Trinity Mirror has announced a restructuring of its titles in the north-west of England and north Wales, including the merger of the Liverpool Echo and Daily Post newsrooms, which will lead to the loss of 78 jobs.
The proposals, outlined to staff today, will be introduced before the end of March next year, and will see journalists across the division grouped into four centralised multimedia 'hubs".
Reporters and photographers will be replaced by 'multimedia journalists' who will take photos, shoot video and file stories for the web and print.
The publisher has today entered into a consultation period with staff and said it envisaged 59 editorial jobs would be cut. It said it was committed to voluntary redundancies where possible.
The bulk of the job losses will come in Liverpool, where the 175-strong editorial team will be cut to 132 and the Liverpool Daily Post will scrap its Saturday edition.
Journalists in the Merseyside hub will work across the two daily papers and their associated weeklies, in what Trinity Mirror described as a 'streamlined production process".
In Huddersfield, the Daily Examiner will switch to overnight printing, with the loss of four editorial jobs – making it effectively a morning, rathern than evening, paper. Sixteen drivers and three supervisors will be made redundant as a result of the printing changes.
Examiner editor Roy Wright said the changes to the title were 'both radical and necessary".
'Recent research shows there is strong demand for the Examiner to be available earlier in the day,'he said.
The Cheshire hub will provide material for the Chester Chronicle and its weekly sister titles. Trinity Mirror is planning to cut four jobs in this region.
The fourth hub, in Llandudno, will house journalists working across the north Wales weekly titles and the Welsh Daily Post – which, unlike the Liverpool Post, is keeping its Saturday edition. Eight job losses are envisaged in the north Wales hub.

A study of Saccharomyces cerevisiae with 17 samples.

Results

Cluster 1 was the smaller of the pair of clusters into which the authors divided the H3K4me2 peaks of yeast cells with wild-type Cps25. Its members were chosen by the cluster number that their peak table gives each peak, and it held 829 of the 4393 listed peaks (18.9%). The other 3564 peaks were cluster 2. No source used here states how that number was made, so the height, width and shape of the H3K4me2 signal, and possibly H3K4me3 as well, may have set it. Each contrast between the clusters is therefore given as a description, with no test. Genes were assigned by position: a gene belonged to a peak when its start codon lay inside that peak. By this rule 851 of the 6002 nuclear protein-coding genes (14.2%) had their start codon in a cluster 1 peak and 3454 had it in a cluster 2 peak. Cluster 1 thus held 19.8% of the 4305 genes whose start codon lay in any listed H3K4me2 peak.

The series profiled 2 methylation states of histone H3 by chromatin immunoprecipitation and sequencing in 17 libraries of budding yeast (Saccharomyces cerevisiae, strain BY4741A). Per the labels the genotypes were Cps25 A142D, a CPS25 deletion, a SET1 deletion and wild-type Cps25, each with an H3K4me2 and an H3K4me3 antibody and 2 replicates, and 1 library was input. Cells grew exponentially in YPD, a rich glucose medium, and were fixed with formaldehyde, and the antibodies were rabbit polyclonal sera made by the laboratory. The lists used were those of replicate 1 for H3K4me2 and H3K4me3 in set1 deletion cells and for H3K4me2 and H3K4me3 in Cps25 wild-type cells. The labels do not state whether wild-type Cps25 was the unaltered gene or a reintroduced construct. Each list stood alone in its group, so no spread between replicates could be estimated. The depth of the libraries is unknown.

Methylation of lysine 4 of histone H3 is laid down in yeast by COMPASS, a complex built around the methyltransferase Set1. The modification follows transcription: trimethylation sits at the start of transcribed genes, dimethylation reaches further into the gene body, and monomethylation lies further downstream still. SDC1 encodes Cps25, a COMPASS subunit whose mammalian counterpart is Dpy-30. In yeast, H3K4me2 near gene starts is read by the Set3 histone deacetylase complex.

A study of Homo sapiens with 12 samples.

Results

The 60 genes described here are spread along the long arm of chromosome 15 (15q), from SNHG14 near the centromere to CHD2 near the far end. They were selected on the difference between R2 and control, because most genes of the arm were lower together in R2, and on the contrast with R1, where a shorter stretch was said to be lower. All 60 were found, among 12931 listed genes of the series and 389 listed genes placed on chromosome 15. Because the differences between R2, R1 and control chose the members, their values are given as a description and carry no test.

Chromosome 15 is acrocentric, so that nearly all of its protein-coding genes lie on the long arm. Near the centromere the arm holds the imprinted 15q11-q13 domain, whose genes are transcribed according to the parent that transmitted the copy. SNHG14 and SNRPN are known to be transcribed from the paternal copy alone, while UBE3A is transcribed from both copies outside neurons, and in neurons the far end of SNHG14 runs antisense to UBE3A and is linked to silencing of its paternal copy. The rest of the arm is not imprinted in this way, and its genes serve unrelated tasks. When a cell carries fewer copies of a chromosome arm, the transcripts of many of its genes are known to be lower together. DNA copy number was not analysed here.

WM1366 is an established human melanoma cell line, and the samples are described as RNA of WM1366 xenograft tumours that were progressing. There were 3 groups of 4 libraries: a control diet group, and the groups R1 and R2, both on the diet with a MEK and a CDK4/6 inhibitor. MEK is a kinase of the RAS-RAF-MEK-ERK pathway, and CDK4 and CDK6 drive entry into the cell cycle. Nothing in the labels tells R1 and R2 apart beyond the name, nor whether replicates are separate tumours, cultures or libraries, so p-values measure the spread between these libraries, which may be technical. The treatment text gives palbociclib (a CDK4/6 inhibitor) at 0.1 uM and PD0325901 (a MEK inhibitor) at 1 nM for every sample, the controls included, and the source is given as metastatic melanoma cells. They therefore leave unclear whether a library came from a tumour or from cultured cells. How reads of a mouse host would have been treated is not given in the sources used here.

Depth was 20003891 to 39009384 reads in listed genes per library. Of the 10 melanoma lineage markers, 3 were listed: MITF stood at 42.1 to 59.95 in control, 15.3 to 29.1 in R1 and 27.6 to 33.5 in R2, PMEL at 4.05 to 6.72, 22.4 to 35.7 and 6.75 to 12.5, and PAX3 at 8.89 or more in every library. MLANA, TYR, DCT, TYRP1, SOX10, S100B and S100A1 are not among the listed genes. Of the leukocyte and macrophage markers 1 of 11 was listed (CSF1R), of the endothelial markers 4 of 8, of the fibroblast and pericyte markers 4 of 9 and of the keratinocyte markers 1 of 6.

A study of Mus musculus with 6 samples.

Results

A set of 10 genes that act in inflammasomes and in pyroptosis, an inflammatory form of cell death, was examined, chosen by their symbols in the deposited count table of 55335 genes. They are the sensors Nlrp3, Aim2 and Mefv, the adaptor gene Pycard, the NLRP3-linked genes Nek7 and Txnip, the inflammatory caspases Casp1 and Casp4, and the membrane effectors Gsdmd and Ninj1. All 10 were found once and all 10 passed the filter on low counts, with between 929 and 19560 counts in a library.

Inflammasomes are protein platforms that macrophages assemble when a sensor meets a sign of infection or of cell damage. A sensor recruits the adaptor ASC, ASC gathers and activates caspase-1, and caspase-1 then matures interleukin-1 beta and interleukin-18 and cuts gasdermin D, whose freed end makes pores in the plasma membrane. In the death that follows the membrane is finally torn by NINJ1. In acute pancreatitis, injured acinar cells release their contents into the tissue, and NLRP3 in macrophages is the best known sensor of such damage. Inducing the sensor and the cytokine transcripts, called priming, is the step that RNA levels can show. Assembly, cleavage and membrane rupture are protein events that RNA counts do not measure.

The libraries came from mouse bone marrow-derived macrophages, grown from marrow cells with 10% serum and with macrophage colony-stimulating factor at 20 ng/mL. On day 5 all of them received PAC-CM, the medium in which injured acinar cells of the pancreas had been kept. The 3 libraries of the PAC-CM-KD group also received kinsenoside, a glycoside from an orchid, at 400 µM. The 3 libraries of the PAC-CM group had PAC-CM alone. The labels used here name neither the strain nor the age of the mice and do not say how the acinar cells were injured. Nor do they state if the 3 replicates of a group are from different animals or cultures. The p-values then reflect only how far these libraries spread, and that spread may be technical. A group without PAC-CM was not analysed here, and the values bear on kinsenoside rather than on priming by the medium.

Welsh Daily Post editor Rob Irvine said: 'Having to lose these jobs, painful as it is, will help secure the future of our newspapers and websites."
Trinity Mirror said the changes were in response to 'the current challenging trading conditions".
Trinity Mirror North West and North Wales regional managing director Sara Wilde said: 'We are determined to carry on producing the vibrant, entertaining and informative newspaper and online brands which are at the heart of the communities they serve in the North West and North Wales.
'To do that in the digital age, and in such difficult trading conditions, has entailed taking some very radical steps, which will revolutionise the way in which we produce our newspapers and websites.
'However, we believe the changes we are introducing mean we can do that while maintaining the high quality products our readers have come to expect.'
The latest job cuts come two months after Trinity Mirror revealed it was closing its Liverpool printing plant, with the loss of 100 jobs, and moving printing of the Liverpool titles to Oldham.